Martha’s Vineyard will host Harlem Fine Arts Show

Local summer resident Glenn Tunstull will have work like "Canopies" in the Harlem Fine Art Show. — Photo courtesy of Cousen Rose Gallery

For 15 years, New Yorkers have had the opportunity to enjoy a massive annual art show that encompasses the work of African American artists from all over the world.

The National Black Fine Arts Show, which ran from 1997 through 2009, was succeeded by the Harlem Fine Art Show, which in its fourth year this past February hosted more than 80 artists and was viewed by 10,000 people at the historic Riverside Church in Harlem. Now the show – or a portion of it – is coming to the Vineyard for the first time.

The Harlem Fine Art Show will be presented here for four days, August 9–12, at a location to be announced. Two local artists, Glenn Tunstull and Myrna Morris, will participate. The show will kick off with an opening reception on Thursday, Aug 9, from 6 to 9:30 pm.

Vineyard summer resident Henry Louis “Skip” Gates will emcee the event, which is hosted in partnership with the Washington Post’s online magazine Root. Over the course of the four days, visitors can view a wide range of art, meet the artists and purchase work in price ranges from $50 to $20,000.

More than 30 national and international artists will be represented. Among them are internationally acclaimed painter Paul Goodnight, featured in Architectural Digest, Ebony, and People Magazine. His work hangs in the Smithsonian and is in the collections of a number of celebrities and public figures.

Internationally known sculptor Woodrow Nash; armless Haitian artist Herold Alvares, who paints with his mouth and feet; and up-and-coming watercolor portraitist Jeanine Primm Jones also will participate.

“We’ve picked the best from the best of the New York show,” says show founder and director Dion Clarke. Featured in the Vineyard show will be the work of Mr. Tunstull, a part-time Islander who shows at the Cousen Rose Gallery in Oak Bluffs.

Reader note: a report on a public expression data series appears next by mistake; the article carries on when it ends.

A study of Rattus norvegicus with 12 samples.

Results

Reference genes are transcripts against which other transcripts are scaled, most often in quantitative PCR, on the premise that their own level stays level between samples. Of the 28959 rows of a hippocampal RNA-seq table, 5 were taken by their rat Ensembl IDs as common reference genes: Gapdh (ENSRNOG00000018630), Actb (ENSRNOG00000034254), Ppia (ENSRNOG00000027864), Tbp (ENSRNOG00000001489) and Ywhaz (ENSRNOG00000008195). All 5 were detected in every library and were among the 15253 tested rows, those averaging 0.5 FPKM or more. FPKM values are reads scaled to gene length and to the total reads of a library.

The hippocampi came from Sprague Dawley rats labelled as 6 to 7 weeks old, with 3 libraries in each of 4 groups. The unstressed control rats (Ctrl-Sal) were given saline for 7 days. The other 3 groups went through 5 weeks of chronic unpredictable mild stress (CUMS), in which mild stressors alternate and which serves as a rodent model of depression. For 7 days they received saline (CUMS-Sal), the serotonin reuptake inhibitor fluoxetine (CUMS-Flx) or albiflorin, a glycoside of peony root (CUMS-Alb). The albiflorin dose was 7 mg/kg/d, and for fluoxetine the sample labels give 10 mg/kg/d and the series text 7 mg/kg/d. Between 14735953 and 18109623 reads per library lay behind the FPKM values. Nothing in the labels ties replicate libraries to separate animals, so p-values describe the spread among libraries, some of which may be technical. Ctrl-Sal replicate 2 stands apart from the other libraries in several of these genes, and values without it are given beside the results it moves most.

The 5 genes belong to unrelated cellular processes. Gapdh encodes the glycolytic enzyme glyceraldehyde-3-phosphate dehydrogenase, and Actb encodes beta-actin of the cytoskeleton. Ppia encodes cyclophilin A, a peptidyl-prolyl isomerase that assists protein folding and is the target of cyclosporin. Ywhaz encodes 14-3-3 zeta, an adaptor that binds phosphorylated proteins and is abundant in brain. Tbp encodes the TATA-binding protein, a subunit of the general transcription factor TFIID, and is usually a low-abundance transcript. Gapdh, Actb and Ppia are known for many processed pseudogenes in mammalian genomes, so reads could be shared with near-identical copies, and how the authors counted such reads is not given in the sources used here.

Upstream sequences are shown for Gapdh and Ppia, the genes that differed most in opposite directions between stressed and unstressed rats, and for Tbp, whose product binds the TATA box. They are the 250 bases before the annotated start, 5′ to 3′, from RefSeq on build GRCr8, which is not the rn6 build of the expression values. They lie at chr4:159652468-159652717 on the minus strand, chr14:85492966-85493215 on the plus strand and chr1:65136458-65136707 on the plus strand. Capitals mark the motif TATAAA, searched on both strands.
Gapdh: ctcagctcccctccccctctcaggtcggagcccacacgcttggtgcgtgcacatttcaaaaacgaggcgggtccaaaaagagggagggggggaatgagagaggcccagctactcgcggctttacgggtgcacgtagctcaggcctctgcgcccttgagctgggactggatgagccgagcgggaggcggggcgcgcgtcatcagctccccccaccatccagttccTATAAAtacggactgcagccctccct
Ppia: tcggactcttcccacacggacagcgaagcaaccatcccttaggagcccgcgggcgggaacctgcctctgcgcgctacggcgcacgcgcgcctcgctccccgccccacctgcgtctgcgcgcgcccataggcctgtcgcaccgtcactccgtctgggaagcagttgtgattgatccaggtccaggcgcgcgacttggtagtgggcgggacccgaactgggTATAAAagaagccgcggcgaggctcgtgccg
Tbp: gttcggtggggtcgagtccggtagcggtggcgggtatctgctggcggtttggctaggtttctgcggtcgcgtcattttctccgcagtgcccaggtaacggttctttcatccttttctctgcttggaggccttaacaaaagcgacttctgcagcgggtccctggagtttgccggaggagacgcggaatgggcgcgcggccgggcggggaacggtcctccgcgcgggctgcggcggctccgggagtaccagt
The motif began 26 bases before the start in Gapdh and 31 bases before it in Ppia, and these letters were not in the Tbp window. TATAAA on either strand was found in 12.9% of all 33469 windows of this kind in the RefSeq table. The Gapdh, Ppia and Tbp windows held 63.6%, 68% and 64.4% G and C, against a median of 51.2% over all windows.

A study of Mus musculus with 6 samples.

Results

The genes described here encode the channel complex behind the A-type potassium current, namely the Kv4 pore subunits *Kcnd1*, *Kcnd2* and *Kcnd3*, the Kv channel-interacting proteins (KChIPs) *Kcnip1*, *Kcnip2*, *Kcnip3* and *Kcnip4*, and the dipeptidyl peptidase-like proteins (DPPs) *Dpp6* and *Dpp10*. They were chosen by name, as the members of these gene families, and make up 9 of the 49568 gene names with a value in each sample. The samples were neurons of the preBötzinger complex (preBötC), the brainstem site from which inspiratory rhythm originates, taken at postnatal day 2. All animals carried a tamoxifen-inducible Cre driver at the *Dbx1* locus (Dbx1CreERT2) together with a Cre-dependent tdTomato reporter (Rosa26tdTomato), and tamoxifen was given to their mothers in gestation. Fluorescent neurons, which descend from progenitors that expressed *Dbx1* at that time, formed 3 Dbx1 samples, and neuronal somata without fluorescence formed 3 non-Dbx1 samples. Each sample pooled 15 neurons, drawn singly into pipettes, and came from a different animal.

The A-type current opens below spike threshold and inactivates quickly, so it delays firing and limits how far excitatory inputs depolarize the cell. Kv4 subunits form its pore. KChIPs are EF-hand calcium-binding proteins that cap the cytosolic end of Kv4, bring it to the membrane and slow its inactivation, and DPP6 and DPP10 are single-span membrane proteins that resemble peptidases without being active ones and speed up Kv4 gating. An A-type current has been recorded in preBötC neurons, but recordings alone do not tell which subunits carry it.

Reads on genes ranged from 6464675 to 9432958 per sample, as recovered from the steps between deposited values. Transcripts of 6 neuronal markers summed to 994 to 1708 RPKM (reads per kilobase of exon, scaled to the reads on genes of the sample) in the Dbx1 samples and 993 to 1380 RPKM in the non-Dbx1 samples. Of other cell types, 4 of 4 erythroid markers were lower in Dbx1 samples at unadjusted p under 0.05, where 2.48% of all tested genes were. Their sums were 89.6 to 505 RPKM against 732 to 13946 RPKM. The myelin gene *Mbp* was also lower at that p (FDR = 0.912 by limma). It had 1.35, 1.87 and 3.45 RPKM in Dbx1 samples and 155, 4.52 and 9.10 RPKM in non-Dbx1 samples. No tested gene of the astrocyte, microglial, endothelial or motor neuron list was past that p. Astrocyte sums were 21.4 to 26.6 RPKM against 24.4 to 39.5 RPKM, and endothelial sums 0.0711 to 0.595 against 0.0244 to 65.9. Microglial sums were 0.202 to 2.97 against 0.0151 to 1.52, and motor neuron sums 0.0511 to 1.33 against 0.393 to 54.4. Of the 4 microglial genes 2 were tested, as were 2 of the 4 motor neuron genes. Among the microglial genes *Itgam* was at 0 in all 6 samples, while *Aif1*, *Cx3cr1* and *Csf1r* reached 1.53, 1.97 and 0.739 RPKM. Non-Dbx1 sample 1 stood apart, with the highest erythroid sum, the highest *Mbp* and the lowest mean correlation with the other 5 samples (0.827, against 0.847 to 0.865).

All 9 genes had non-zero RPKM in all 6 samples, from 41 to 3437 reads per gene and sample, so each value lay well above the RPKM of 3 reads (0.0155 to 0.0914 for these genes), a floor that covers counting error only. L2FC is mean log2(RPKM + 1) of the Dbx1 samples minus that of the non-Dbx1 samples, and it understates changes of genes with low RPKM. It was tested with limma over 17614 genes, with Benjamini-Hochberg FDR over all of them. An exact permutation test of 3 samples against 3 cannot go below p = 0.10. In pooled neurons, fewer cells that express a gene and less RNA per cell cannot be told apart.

The Harlem Fine Arts Show was launched in 2009 after the demise of the National Black Art Show. Mr. Clarke previously handled marketing for the latter through his company, JWD Enterprises, a diversity marketing company. The Harlem Fine Arts Show moved from its predecessor’s location at the iconic Puck Building to its current space in Riverside Church. The New York show is held annually in February in honor of Black History Month and features a preview party at the New York Times building in midtown Manhattan.

Prior to the first day of the New York show, thousands of teens from area schools are invited to view the show for free in an event called Diversity Prep Day. Part of the proceeds are earmarked every year for a local nonprofit. That philanthropy extends to the satellite art shows that the organization holds each year in surrounding areas. At least one nonprofit benefits from Harlem Fine Art Shows events in Philadelphia, Newark, New Haven, Long Island, and elsewhere.

A portion of the proceeds from the Vineyard show will go towards “Pathways to your Success,” an MVTV-hosted career education TV program. Pathways founder and host Natalie Dickerson is the local representative for the Harlem Fine Arts Show festival. She has recruited a number of local people to host 90-minute presentations throughout the course of the four-day event.

“I’ve gathered people who do interesting things on the Island,” she says. Included in the lineup are Mister G. of Hip Hop Foods, photographer Michael Johnson, and wedding concierge India Rose.

Says Ms. Dickerson, “Because we’re promoting this on and off the Island, we want to let people know what the Island is about see and what talented people are here.”

Mr. Clarke and his wife have both spent summers on the Vineyard since they were kids. “We feel that the Vineyard represents a great national multicultural forum,” says Mr. Clarke. “It celebrates such a multicultural collage of people who have come from all over the U.S. and the world. We wanted to be part of that celebration.”

Of the art show, he says, “It’s not a black show, quote, unquote. We think it is so important in this day and time, with a multicultural president representing diversity in our nation, to embrace that ideal.”

The show’s promoters were still working out the logistics of the location for the show last week. Admission is a $15 donation. Tickets for the preview party are $20. Visit for more information.